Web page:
Saturday, 21 February 2015

Fu Dao 福 到 2015

Fu 福 ("luck") turned upside-down

Sticking it this way means in the chinese language "fu dao 福倒" (luck turning upside down), but the "dao 倒" (upside down) also sounds the same as "dao 到" (arrive)

Thus such representation also generally means "fu dao 福到"(luck arrives or comes).

Chinese New Year, explained in 11 festive images
1. It's the year of the sheepgoat

2. This is the biggest transportation clusterf*ck on Earth

3. Chinese New Year extends far beyond China

4. A dancing lion for good fortune

5. Not to be confused with the dancing dragon

6. Food isn't just food

7. Homophones are a big part of the celebration

8.  People decorate with poetry

9. All red everything

10. State TV broadcasts a four-hour variety show on New Year's Eve

11. The celebration ends with the Lantern Festival

Chinese New Year: where to eat and celebrate in Chinatowns around the world
London, UK

New York, US

Boston, US

Toronto, Canada

Vancouver, Canada

Bangkok, Thailand

Paris, France


Manchester, UK

Los Angeles, US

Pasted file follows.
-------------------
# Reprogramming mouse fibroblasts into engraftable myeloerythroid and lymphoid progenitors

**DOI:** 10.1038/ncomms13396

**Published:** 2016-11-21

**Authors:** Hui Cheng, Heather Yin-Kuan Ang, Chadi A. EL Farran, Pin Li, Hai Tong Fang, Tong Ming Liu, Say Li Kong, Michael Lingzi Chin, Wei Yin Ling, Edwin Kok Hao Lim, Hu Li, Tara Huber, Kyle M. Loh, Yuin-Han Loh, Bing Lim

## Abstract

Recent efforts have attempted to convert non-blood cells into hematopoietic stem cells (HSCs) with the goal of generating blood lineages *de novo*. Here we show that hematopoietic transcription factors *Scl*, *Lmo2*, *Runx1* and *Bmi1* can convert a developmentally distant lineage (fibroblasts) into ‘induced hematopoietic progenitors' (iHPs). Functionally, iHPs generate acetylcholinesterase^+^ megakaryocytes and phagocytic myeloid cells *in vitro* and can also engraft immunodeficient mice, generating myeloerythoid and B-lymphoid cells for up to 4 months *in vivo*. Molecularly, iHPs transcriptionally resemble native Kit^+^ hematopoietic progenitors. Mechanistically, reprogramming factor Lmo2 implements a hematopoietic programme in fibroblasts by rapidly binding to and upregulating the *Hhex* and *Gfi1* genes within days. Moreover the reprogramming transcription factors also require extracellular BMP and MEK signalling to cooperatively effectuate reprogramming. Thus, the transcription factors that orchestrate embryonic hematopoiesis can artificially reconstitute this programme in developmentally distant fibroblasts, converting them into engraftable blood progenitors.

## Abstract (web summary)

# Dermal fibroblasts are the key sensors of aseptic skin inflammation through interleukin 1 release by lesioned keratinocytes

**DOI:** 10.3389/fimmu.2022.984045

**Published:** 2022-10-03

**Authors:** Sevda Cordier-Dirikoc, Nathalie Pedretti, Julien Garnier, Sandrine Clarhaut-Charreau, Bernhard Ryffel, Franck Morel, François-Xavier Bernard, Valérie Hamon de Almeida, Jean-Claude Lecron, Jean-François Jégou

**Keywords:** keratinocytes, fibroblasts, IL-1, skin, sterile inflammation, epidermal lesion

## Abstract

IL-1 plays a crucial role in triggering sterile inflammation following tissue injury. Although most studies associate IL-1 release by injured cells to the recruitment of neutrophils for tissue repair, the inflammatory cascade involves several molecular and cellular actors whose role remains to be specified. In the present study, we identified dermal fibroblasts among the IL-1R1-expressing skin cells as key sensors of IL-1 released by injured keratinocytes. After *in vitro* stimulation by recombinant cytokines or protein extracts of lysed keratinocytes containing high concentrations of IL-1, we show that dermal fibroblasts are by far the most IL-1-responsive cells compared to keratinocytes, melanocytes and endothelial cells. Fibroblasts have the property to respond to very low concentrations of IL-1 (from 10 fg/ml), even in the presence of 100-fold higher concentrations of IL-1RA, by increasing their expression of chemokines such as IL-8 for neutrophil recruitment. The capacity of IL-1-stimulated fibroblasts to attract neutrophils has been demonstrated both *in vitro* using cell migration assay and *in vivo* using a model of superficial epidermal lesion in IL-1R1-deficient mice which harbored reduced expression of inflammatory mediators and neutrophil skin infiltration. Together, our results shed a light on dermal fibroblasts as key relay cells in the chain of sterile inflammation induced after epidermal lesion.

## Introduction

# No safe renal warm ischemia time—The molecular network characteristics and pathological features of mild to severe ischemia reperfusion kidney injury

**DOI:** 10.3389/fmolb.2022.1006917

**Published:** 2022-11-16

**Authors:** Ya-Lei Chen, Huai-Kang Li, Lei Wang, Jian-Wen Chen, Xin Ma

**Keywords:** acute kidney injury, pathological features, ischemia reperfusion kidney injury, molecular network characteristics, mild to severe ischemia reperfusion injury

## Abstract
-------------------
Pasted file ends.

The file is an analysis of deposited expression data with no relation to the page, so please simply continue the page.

Chinese New Year 2015: 5 Fast Facts You Need to Know

It’s the Chinese New Year, and it’s one of the most ancient calendars still in existence in modern times. The calendar also marks a new zodiac year, ending the 2014 year or the horse and bringing on the year of another quadrupedal vegetarian. But there’s some confusion whether it’s the year of the sheep, ram, or goat.

Read on to find out 5 fast facts about this once Sinosphere celebration that has entered into worldwide domain.
1. The Date Changes Every Year
2. What Animal is it the Year Of?

3. So What Year are They Celebrating?

4. What do Dragons Have to Do With It?

5. It’s a Public Holiday in Many Countries

Is It the Year of the Sheep, Goat, or Ram?

Actually, Chinese people are also not quite sure about that. In Chinese the word 羊 (yáng) is a generic term, and can refer to a sheep (绵羊), goat (山羊), ram/buck (公羊 male sheep or goat), 羚羊 (antelope), etc. There is a lack of clear definition on the zodiac “Goat” in Chinese history.

However, most Chinese people and experts on folklore believe that the Chinese zodiac animal is the Goat, not the Sheep, and they have some evidence to support their idea:
  • Firstly, the Chinese zodiac is an invention of the Han Nationality, and goats were widely raised by the Han people (unlike sheep), so the zodiac animal is more likely to refer to a goat.
  • Secondly, a Goat image often appears on Chinese zodiac stamps, New Year paper cuttings, and New Year paintings (not a sheep).
  • Thirdly, the Goat was one of the 12 bronze statues of the Chinese zodiac at the Old Summer Palace. Although its head was lost, its present reproduction according to historical records is the image of a goat.